Whoppah Explores Postmodern interior design

Discover the postmodern design style with us


What is postmodern design?

The postmodern design movement spanned two decades: 1970 to 1990 and peaked in the 1980s. It was the rebellion against the minimalist concepts of modern design. Postmodern design embraced unconventional ideas with an emphasis on playful, artful and extravagant style. The bohemian culture of the hippies in the 1960s paved the way for a new era of creative expression in art, music, fashion and therefore design. Flower power and long wavy hair were followed by expressive architecture with playful shapes and imaginative decoration. This translated into the ultramodern interior style: postmodernism. Postmodern designers were inspired by the past, such as neoclassical forms and materials where form did not follow function.

ParagraphPhoto: A selection of designs from The Memphis Group
ParagraphPhoto: Karl Lagerfeld in his Memphis Style apartment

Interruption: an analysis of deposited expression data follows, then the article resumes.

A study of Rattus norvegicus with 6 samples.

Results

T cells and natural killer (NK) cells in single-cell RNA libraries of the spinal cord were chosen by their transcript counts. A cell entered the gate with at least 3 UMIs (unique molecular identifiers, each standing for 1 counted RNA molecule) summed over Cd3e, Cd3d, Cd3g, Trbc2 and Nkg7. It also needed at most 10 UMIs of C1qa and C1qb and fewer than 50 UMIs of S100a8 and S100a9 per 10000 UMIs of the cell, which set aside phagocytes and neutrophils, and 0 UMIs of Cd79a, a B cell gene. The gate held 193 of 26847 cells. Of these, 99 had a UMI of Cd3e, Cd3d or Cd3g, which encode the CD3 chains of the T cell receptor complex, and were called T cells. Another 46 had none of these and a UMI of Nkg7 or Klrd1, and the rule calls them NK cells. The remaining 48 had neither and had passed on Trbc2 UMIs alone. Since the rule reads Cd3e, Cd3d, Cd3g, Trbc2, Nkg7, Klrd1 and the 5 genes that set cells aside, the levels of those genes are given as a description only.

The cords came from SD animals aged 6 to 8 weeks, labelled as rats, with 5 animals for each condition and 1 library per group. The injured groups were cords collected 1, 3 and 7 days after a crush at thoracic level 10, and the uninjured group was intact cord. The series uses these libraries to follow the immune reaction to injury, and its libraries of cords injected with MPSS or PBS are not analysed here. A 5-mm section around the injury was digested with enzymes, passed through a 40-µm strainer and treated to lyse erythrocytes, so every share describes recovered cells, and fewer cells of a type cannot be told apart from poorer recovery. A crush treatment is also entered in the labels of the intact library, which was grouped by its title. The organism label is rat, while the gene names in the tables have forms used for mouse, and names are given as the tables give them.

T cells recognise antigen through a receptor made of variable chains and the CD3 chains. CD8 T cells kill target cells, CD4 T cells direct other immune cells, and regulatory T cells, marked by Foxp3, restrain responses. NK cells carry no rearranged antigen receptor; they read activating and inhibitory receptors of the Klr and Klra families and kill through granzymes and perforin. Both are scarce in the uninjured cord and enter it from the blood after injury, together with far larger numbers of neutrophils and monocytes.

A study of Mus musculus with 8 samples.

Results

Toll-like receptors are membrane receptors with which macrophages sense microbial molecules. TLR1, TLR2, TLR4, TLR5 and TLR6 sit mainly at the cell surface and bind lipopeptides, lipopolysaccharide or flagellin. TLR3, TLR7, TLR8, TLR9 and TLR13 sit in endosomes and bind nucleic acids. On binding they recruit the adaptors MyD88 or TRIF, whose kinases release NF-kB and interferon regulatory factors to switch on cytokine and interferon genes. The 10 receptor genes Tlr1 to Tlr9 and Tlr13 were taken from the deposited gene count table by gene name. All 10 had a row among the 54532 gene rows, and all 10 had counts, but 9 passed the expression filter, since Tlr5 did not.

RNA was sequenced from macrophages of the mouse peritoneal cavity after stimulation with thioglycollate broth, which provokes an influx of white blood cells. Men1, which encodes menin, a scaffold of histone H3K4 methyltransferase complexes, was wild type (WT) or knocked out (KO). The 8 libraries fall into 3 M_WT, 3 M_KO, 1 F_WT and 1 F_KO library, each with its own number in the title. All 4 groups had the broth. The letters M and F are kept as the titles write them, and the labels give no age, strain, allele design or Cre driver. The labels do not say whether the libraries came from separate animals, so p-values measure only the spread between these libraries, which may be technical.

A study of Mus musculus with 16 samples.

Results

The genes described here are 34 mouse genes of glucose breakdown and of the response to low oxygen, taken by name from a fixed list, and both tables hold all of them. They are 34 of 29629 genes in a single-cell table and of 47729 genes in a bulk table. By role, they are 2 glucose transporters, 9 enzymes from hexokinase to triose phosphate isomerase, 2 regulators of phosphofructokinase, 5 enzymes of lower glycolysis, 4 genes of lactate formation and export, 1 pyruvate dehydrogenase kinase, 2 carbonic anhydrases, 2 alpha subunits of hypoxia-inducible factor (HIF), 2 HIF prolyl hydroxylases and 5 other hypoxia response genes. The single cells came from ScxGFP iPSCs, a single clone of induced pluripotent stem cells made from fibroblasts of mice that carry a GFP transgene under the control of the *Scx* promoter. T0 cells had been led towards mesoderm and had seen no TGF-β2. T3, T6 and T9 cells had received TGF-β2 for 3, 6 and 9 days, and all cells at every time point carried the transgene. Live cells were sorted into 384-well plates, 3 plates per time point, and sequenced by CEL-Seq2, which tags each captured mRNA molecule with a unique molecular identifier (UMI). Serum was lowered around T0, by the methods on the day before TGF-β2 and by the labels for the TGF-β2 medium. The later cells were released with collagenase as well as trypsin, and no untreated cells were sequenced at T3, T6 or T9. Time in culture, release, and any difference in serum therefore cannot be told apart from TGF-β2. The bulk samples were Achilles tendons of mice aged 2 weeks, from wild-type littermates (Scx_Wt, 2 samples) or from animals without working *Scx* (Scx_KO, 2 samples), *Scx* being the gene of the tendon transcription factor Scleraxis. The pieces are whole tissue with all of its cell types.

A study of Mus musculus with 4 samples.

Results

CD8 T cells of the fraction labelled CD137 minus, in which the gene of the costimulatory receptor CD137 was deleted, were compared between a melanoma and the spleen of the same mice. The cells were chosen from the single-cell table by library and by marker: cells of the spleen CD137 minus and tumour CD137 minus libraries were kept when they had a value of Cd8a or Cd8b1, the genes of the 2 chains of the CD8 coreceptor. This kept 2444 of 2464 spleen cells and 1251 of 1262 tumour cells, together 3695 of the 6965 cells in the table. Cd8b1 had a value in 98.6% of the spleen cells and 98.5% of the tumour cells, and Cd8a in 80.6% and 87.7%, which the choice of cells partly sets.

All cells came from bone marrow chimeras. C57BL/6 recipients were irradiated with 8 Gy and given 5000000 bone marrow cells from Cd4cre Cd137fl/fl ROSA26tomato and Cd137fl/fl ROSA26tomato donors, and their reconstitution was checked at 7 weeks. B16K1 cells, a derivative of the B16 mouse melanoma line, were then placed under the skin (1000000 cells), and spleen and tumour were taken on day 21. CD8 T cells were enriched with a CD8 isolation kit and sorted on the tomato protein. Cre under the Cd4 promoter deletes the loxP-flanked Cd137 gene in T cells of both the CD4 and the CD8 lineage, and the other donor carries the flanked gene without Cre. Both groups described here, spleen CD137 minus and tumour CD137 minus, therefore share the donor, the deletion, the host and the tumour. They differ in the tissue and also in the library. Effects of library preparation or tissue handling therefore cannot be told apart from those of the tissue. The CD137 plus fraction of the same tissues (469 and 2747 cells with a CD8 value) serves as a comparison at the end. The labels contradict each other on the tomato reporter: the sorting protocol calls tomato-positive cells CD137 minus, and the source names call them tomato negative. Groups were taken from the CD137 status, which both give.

The Memphis group

In 1981, a group of like-minded designers in Milan took the postmodern design movement to a whole new level with a debut of bold, graphic furniture design at the Salone del Mobile. Founded by Italian designer Ettore Sottass, the famed Memphis Group included Peter Shire, Michael Graves, George Sowden, Michele De Lucchi and Nathalie Du Pasquier. With bold, clashing colors, unconventional shapes and wild patterns, Memphis pieces were designed to convey new ideas. The influential look of Memphis furniture included combinations of geometric shapes made from a variety of materials in bright, contrasting colors or graphic black and white patterns. This exaggerated, almost cartoonish style dominated much of the 1980s.

ParagraphPhoto left: Carlton bookcase, 1981. The Metropolitan Museum of Art. Photo right: Ettore Sottass in India 1966.

Ettore Sottass

Ettore Sottass, born in 1917, fell under the spell of design at a young age with an architect father. He works from 1957 (as well as Mario Bellini) as a design consultant for Olivetti, a typewriter factory, and in the 1960s he becomes art director for the furniture brand Poltronova. Sottass helped define the look of postmodern furniture with his use of brightly colored laminates, graphic shapes and non-functional elements. His iconic Carlton bookcase had colorful slanted shelves and bookends that were disconnected from each other. It challenged the idea of why a bookcase should look like a typical bookcase.